Deansgate is one of the main routes for cars travelling into Manchester City Centre and is a bustling shopping district that is busy at all hours of the day.
When lockdown measures eased after the first few months of the COVID-19 pandemic, Manchester City Council wanted to find a way of encouraging pedestrians and workers back to the city centre while safely adhering to 2m social distancing guidelines.
Subsequently, part of Deansgate, which would usually accommodate a combination of vehicle, pedestrian and cyclist traffic, needed to be temporarily adapted to exclude vehicles and create a pedestrianised zone.
Pedestrianised zones are becoming increasingly important to city centre life, and offer a range of benefits, such as significantly improved air quality, more aesthetically pleasing public spaces and an increased sense of community.
A major consideration for the Deansgate project was how to balance the benefits of pedestrianisation with the additional security considerations it brings. Namely, these revolve around potentially putting the population at increased risk of attack by taking more people out of their vehicles and creating more densely populated public spaces.
Another important consideration when it comes to pedestrianisation is how to preserve the aesthetic appeal of public spaces while ensuring they are safe and secure, without creating a damaging “fortress mentality” that can increase the public’s fear of attack.
The Surface Guard’s crowd-permeable design and cycle-friendly ramps mean it can protect pedestrians without hampering or obstructing their movement. Being lightweight and quick to deploy, the Surface Guard is ideal for temporary or semi-permanent schemes.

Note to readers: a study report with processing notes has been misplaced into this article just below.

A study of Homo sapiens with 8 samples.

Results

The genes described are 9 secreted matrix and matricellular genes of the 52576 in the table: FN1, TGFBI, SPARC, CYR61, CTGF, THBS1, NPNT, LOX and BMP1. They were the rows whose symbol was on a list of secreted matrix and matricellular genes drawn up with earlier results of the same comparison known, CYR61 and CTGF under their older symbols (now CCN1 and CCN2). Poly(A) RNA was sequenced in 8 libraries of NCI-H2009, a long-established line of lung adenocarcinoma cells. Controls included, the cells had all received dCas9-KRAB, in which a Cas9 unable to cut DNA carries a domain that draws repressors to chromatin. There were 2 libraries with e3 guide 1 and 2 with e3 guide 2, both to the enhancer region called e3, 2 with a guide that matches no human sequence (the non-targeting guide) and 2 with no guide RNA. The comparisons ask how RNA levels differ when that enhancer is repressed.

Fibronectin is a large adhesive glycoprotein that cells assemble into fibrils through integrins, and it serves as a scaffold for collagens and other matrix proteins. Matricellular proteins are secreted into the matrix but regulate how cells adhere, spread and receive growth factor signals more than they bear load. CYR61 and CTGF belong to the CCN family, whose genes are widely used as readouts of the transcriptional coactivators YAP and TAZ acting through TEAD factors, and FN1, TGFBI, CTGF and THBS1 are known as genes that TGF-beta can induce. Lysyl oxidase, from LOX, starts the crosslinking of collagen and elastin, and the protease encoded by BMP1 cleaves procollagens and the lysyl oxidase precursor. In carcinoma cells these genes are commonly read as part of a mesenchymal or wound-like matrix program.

This lightweight construction and rapid redeployment capability also allows for controlled vehicle access in the event of an emergency, enabling ambulance, police or fire services to enter the zone if required.
On top of this, the Surface Guard provides crash-test-certified security, having been impact tested to the IWA 14 standard. This means that the barrier has been proven to stop a 2,500kg vehicle – such as a multi-purpose or light commercial vehicle – travelling at a speed of 48kph, and to stop a 7,200kg vehicle – an HGV – travelling at 32 kph.
Once deployed, our Surface Guard barriers remained in place throughout the scheme, keeping pedestrians and cyclists safe and ensuring that Deansgate remained functional, friendly and inclusive to all residents and visitors.
When it comes to pedestrianisation, different security measures will be more suited to different schemes, and there is no “one-size-fits-all” solution. While bollards and barriers will be best-suited for some, other solutions will be more suited to schemes which need a less visible security presence.
For example, crash-tested street furniture, such as benches and planters, create a pleasant environment for residents and visitors, driving footfall to the space and the businesses that inhabit it (which will be crucial for shopping districts such as Deansgate moving forwards) while also providing protection against vehicle ram-raid attacks.
Deploying these in conjunction with more robust access measures will be key to protecting our public spaces moving forwards, with the balance deployed dependent on the needs of the project.